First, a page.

WSVN — Some people that move to South Florida can't stand it. Some people barely like it, and then there is Kelly Edge.
Kelly Edge: "I've been here since May and I love it. Love it, love it, love it."
Kelly loved Miami so much she bought a fourplex to rent out near the Marlins Stadium and started fixing it up.
Kelly Edge: "Now I'm a Marlins fan. I see nothing but great things for this area and I wanted to be part of that."
The building has been completely re-done.
Kelly Edge: "I wanted to go a little bold, that's Miami. I think it's fun to add a little bit of pop."
Great on the inside. Nice to stand back and look at on the outside. If it wasn't for something constantly happening in front.
Kelly Edge: "Actual crashes, it wreaks havoc, its loud, it's obnoxious people get upset all the time."
Kelly's property sits on Northwest Fifth Street running from Marlins Stadium to the Miami River. It's a one way street with no stop signs.
Kelly Edge: "What is happening here, is we are the only street that doesn't have a stop sign."
But the people who know the area stop. Fire rescue knows the area, and their trucks stop.
Kelly Edge: "The people who live here stop, so let's give them a stop sign."
The locals stop because the cars coming down the intersecting street don't have cross walks and even though there is a stop sign, many don't stop.
Kelly Edge: "We probably have an actual collision once a week."
Kelly says if they put the stop sign where many cars already stop, it will require everyone coming in all three directions to stop, and if someone runs a stop sign, the other driver will stop so no one will get hurt.
Kelly Edge: "There's elderly people, there are kids, dogs constantly. This is a big walking neighborhood. My biggest fear is that someone's going to get hurt."
Kelly thought it was a simple request to put up a stop sign. It turns out, it's not easy.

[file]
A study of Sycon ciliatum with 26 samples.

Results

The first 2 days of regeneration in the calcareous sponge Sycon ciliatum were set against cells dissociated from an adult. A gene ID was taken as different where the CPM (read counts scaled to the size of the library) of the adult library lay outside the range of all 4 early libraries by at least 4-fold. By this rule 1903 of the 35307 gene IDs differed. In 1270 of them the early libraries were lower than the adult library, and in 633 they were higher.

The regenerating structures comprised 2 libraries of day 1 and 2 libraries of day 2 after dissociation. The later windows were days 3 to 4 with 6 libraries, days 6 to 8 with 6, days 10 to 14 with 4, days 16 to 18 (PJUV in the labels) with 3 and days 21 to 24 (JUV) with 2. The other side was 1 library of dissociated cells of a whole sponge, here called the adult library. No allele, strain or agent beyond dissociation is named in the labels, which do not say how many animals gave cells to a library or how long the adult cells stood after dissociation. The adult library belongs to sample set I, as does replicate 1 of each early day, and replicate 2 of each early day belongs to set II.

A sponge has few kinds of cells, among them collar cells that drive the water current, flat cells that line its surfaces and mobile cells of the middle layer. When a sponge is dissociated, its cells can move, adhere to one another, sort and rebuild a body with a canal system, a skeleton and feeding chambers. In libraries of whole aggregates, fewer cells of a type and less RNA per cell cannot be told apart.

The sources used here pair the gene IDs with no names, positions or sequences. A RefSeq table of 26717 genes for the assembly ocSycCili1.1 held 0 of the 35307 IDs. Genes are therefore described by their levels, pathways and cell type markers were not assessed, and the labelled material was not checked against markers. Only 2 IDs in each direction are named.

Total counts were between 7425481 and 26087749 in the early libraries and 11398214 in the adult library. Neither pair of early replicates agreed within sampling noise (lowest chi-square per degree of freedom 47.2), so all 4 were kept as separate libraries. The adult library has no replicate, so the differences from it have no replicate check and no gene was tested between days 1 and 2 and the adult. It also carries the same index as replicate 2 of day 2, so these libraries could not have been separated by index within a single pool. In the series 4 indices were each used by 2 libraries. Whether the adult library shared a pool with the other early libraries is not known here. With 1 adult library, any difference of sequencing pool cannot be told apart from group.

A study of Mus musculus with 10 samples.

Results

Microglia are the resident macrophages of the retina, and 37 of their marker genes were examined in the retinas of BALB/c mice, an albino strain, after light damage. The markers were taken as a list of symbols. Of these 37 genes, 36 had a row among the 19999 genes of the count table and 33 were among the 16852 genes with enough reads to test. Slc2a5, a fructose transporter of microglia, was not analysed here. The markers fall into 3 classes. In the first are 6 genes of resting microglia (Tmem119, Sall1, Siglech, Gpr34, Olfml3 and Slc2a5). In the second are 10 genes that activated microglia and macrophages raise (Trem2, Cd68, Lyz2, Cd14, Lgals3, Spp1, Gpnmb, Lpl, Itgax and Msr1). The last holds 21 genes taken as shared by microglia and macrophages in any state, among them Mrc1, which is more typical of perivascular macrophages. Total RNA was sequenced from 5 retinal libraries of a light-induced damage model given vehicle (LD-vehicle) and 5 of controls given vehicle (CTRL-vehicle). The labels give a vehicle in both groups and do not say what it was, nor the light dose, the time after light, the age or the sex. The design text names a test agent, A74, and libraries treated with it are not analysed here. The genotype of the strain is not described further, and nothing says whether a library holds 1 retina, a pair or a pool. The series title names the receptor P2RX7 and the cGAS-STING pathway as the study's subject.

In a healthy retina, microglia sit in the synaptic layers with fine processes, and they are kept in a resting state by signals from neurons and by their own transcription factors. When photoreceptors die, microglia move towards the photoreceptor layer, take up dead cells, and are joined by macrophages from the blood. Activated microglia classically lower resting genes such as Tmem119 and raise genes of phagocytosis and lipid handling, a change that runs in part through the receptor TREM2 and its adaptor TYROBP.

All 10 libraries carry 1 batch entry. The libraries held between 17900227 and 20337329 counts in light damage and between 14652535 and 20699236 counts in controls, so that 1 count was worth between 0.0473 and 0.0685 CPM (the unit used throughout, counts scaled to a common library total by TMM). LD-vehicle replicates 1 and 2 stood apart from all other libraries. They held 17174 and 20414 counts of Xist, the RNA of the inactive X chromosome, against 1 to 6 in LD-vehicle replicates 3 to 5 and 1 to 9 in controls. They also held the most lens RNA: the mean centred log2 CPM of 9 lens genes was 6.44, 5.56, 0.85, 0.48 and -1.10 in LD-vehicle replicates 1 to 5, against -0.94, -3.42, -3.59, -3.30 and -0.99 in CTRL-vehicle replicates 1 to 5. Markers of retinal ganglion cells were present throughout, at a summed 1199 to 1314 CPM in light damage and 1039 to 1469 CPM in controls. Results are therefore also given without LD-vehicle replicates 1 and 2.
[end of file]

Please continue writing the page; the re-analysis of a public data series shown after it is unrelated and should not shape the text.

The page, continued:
Kelly Edge: "So it seems that nobody is quite clear who exactly is in charge of this jurisdiction and the signs. That's basically the problem. I'm going in circles."
So Howard, legally does a taxpayer who sees accidents on a regular basis have the right to insist on a stop sign?
Howard Finkelstein: "Legally, absolutely not. In fact, if the government refuses to put up a stop sign and someone gets hurt or killed, the city or county is not responsible. But what you do have a right to do is pester, bother, contact your elected officials and get them to do the right thing for the right reasons."
Turns out the roads are under the jurisdiction of Miami-Dade County's Public Works. After we contacted them, they quickly painted cross walks to help drivers on 10th Avenue realize there were stop signs there.
The county then started a traffic study by counting the number of cars using the intersection to determine if another stop sign is needed.
Kelly Edge: "See he stops. There is no stop sign there but he stops."
Soon Kelly hopes to get a sign put there, and as she puts it, not only is it necessary, it's easy.
Kelly Edge: "I mean there is already the stand for it and everything. How easy to take one of those red signs and just stick it right there?"
If only it were that simple. If only the government could move that quickly. By the way, we were told it takes about eight weeks to gather the data for the traffic study, so Kelly won't get a stop sign before then. If she even gets it, we will let you know.
Your piece of mind intersected with a pile of problems? Wanna put a stop to it? Traffic it our way. We won't need to do a study. Studying didn't help us in college so we will rely on law books and hard work. With this Help Me Howard, I'm Patrick Fraser 7News.